Afghan politician contrasts with student

Rahmatullah Hashemi and Malalai Joya seemingly have much in common. Both are 27, come from the same region of Afghanistan and are interested in international relations. But the similarities between Hashemi, silver-tongued former spokesman for the Taliban, and Joya, one of the new Afghani Parliament’s youngest members, end there. Not long ago, while Hashemi toured the United States defending the public murder of unchaste women, Joya risked her life to teach girls — which at the time was a capital crime.

Visiting last week, Joya gave Yale a piece of her mind. Hashemi’s presence here is, to her, “disgusting” and an “unforgivable insult.” When I asked whether she believes herself to be more deserving of a place here than a former (and current) propagandist for the Taliban, she replied, without a trace of bitterness, “I am not jealous.” She has a country to rebuild and is working hard to do so. While she has survived several assassination attempts in the past four years and must travel with armed guards in Afghanistan, Hashemi noshes on the kosher offerings at the Slifka Center and defended the Taliban to the Times of London in an article three weeks ago. Joya does not have time for an American college education. “My people need me,” she says.

“Hashemi at first should face the court,” she told me, demanding he be brought to his native country and answer for his role in advancing the Taliban’s foreign policy goals so many years. Surprisingly for a man who loved the press so much five years ago — speaking before crowds at universities across the country, meeting with editorial boards of influential newspapers, appearing in Michael Moore’s “Fahrenheit 9/11″ — Hashemi has laid low since his tell-all profile was printed in the New York Times Magazine last month. But in the Times of London interview, Hashemi proved himself to be a morally glib apologist for religious authoritarians.

Asked about public executions in football stadiums, Hashemi said, “That was all vice and virtue stuff. There were also executions happening in Texas.” Irate that a Yale-issued textbook would relate his former employer to the terrorist group it sponsored and hosted in the run-up to Sept. 11, Hashemi complained, “They would say the Taliban were the same as al-Qaida.”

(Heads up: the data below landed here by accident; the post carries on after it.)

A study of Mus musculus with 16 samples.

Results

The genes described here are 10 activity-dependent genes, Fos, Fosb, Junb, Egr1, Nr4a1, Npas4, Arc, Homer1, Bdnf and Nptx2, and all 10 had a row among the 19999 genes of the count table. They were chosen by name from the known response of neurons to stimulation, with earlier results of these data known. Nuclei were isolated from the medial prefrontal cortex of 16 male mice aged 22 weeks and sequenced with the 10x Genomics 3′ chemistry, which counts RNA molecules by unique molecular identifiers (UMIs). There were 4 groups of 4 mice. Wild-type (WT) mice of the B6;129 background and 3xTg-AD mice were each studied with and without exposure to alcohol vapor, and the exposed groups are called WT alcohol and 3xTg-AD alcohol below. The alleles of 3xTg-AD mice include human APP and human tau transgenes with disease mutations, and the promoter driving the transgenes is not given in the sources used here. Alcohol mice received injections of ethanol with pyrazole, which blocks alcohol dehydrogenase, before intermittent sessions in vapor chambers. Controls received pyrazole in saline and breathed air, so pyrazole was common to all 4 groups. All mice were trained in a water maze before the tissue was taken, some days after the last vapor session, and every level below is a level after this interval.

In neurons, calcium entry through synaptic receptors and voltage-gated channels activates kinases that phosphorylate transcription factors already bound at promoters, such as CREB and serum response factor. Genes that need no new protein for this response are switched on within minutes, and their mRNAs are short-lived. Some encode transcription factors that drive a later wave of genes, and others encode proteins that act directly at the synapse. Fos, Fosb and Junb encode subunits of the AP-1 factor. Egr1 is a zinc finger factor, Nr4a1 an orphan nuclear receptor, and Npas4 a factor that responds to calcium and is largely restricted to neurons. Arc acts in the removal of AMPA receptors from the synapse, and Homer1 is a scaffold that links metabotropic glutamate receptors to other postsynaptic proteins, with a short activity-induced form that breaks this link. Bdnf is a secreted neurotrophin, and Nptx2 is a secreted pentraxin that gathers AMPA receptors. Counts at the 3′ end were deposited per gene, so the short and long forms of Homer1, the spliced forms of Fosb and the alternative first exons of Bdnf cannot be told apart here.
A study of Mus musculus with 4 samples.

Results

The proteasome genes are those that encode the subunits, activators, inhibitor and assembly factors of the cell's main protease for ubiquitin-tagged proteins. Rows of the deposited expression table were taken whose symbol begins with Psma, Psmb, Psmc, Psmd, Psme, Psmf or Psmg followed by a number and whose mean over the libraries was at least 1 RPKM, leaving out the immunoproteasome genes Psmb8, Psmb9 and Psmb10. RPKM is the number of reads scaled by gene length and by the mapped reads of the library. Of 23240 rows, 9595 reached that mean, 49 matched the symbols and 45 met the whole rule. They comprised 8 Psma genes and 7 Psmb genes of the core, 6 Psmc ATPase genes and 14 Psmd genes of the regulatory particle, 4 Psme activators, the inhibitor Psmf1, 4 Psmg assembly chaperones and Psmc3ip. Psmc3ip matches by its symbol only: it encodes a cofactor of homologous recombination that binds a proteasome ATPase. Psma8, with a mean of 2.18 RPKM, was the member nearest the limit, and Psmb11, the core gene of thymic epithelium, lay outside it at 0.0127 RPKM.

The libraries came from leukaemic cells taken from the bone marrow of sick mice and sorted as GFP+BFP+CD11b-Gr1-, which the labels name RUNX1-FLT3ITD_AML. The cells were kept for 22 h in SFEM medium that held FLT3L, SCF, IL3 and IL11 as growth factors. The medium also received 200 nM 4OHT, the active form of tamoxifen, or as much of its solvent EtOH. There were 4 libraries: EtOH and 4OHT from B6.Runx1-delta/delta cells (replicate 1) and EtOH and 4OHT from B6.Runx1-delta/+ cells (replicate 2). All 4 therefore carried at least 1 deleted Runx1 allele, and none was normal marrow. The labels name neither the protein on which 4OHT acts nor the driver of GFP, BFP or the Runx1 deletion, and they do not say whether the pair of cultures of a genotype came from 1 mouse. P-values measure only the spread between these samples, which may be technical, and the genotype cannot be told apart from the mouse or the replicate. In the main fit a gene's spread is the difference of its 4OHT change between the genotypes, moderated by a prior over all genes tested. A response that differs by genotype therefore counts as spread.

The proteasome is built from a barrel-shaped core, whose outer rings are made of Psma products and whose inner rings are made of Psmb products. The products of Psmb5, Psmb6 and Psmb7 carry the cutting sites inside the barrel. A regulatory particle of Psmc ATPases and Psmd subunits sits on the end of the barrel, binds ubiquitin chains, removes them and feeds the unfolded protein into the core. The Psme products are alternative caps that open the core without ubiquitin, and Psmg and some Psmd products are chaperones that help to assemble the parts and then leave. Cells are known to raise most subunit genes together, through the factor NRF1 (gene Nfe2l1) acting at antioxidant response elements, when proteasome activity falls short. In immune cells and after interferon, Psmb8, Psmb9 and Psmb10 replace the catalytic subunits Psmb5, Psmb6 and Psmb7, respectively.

“This kind of germ does not belong in the U.S.,” Joya told me, and after having heard the few scraps of equivocation Hashemi has shared in the month since his front-page expose, I am inclined to agree. Had Joya been caught for her underground activities during the Taliban era, she probably would have been publicly executed and Hashemi would have defended her public murder. Correction: might still defend her public murder.

Former Yale Dean of Admissions Richard Shaw told the Times Magazine Hashemi “could educate us about the world.” Whether one believes Hashemi should be at Yale or not, his presence has been instructive in one way: It has caused a reckoning at Yale over the issue of cultural relativism.

Outrage over religious fascism ought to be the province of American liberals. But in Hashemi’s case it has been almost entirely trumpeted by Fox News, the Wall Street Journal editorial page and right-wing bloggers. A friend of mine recently remarked that part of his and his peers’ nonchalance (and in some cases, support for) Hashemi has to do with the fact that the right has seized upon the issue. Our politics have become so polarized that many are willing to take positions based on the inverse of their opponents’. This abandonment of classical liberal values at the expense of political gamesmanship has consequences that reach far beyond Yale; it hurts our national discourse.

In a bold declaration that she will, with any hope, one day come to regret, Della Sentilles ’06 wrote on her feminist Weblog, “Broad Recognition,” “As a white American feminist, I do not feel comfortable making statements or judgments about other cultures, especially statements that suggest one culture is more sexist and repressive than another.” While I cringe at the implications of this, I applaud its honesty. It lays bare a method of thinking that is quite pervasive on our campus, and that many, if not most, students claim allegiance to. It is at once racist — for holding non-Westerners to a lower standard of behavior — and dangerous in its cold abandonment of those who suffer under totalitarian and theocratic regimes. “They shamelessly defer to oppressive religious and cultural norms in the name of respecting diversity, betraying the victims of oppression in the process,” British gay-rights activist and self-described “radical, left-wing Green” Peter Tatchell wrote of his comrades on the left who refused to condemn barbaric practices in Muslim societies. Joya has no problem saying Taliban Afghanistan was “more sexist and repressive than” the U.S. Why can’t Sentilles?

As with any spin doctor, it is difficult to discern what Hashemi thinks, so crafty is he with language. He is quite adept at getting what he wants from Westerners with guilt complexes, be they adventurous CBS cameramen, Ivy League admissions officers or self-professed “feminists.” Come this summer, if Yale refuses to accept Hashemi as a degree student, few of us will be sorry to see him go.



James Kirchick is a senior in Pierson College. He is an occasional columnist.